PORTLAND, Ore. — "When US researchers find out about what we do, a lot of them wish they had something like CMC to support them," Ian McWalter told us. McWalter is president and chief executive officer of Canadian Microelectronics Corp. (CMC), an industry organization that aims to give academics access to the whole system of chip making -- from front-end design and conceptual tools all the way to a packaged device and testing.
President & CEO
Canadian Microelectronics Corp.
And it's not just using last-generation tools: CMC just finished a 28-nanometer CMOS project using the fully depleted silicon-on-insulator (FD-SOI) process at STMicroelectronics. "Not very many researchers get access to such state-of-the art processes," McWalter said.
The group's goal is "to provide the resources to researchers that lead to a prototype device typically in an advanced technology. When engineering students graduate from one of our universities, they come out with an understanding of every aspect of how chips are made, what can go wrong and how to test them," he said. "That student is going to be productive for the company that hires him in a much shorter period of time than if he had to learn all that from scratch."
CMC is unique in the breadth of technologies it supports -- from state-of-the-art CMOS chips to MEMS to silicon photonics. The closest thing the US has is MOSIS, which mostly offers last-generation CMOS chip processes on shared-mask multi-project wafers. In fact, CMC is one of MOSIS's biggest customers, since most of the chips it produces for Canadian academics do not require advanced node processes.
MOSIS will work with anyone that pays, but CMC is very much focused on academic research -- providing access to commercial technologies for researchers and students who are not required to pay (much) for the services. Instead, most of CMC's funding comes from the Canadian government, which is committed to supporting researchers, with CMC doing all the paperwork to draw up proposals, get them approved, and fill out followup reports.
CMC success stories
Click the image to view a quick slideshow of engineers and researchers
working on interesting projects in electronics.
University of Manitoba professors Michael Freund (left) and Doug Buchanan meld chemistry and electronics for their highly sensitive electronic nose.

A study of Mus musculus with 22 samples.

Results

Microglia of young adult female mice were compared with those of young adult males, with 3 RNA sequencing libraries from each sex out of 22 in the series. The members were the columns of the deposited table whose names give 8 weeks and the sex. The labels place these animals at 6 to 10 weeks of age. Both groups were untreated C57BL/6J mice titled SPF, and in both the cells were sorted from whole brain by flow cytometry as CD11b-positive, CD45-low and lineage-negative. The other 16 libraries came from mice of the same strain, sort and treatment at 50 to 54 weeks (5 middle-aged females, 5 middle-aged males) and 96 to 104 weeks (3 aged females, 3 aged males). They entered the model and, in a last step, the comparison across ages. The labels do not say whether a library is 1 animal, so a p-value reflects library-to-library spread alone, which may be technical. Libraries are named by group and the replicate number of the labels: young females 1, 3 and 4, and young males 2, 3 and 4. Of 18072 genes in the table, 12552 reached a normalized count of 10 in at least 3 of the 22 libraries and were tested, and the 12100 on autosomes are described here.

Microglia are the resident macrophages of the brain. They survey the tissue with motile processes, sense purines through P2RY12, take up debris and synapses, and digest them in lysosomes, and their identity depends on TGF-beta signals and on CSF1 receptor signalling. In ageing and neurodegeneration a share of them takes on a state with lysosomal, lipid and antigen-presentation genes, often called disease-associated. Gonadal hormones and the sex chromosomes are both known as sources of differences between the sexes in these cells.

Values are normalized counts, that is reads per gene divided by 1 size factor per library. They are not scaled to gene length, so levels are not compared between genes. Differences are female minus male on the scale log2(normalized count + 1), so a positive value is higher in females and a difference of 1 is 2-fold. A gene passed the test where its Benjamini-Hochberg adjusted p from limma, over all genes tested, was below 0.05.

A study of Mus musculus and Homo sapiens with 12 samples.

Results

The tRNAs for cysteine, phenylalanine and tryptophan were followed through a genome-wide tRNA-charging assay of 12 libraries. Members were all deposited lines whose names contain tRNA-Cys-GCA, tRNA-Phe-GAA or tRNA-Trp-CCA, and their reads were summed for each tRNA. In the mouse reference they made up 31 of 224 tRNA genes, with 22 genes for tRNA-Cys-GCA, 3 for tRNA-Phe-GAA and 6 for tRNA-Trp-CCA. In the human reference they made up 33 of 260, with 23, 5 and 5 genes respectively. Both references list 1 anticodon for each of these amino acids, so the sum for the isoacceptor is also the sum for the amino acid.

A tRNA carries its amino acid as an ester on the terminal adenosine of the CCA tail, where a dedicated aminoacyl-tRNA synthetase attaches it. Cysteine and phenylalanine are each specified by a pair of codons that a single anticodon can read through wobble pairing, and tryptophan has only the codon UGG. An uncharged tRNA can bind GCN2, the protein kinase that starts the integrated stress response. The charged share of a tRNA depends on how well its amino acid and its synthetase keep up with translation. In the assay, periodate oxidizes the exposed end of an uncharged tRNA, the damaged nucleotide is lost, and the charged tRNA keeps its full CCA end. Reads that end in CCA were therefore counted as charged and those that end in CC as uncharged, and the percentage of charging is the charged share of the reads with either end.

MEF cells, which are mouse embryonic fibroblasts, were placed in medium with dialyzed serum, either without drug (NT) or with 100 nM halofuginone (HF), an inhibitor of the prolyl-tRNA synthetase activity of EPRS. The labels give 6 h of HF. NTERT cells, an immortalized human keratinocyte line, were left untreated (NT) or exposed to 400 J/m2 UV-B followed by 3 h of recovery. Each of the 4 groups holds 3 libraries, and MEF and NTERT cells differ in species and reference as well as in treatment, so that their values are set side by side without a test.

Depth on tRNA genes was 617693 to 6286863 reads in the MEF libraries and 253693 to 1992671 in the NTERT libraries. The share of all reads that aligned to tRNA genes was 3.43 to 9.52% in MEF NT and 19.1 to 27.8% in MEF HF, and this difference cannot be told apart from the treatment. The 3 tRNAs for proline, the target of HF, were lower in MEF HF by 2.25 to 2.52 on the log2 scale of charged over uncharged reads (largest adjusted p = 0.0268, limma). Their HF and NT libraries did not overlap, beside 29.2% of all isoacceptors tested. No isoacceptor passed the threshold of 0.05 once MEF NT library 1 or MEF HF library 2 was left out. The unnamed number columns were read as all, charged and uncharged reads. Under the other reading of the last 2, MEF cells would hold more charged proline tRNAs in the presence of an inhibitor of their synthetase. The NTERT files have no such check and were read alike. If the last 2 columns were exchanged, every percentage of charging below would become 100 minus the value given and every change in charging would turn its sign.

McWalter told EE Times:
We are primarily for academics, but about 5 or 10% of our business in the last few years has been commercial startups that would like to access the technologies -- mainly to try some things out, do some prototyping -- to see if the technologies fit with their product plans. It's a very cost-effective way for them to investigate things that they don't necessarily want to create a whole product development team for yet. Of course, no government funds support these commercial projects, but we often just charge them cost recovery, rather than make a profit. In the last 15 years, we have helped about 150 startups in this way.
CMC does about 400 prototyping projects per year of varying kinds, about two-thirds of which are farmed out to commercial fabrication facilities, where the researchers have to pay only about 20% of the cost, with CMC picking up the rest. It also trains the academics in how to use the necessary software tools.
CMC also provides the computer aided design (CAD) tools and process design kits. "We also do all the design aggregation, which we then send to someone like MOSIS, where we would become their customer," McWalter said. "We also work with similar organizations in other countries all over the world," such as Circuit Multi-Projects in France and Europractice IC Services in Germany. "We also act as a front end to many university fabs in Canada, but by and large when it comes to commercial access, we also broker that to make sure that the researchers get the best technology and the best access to it."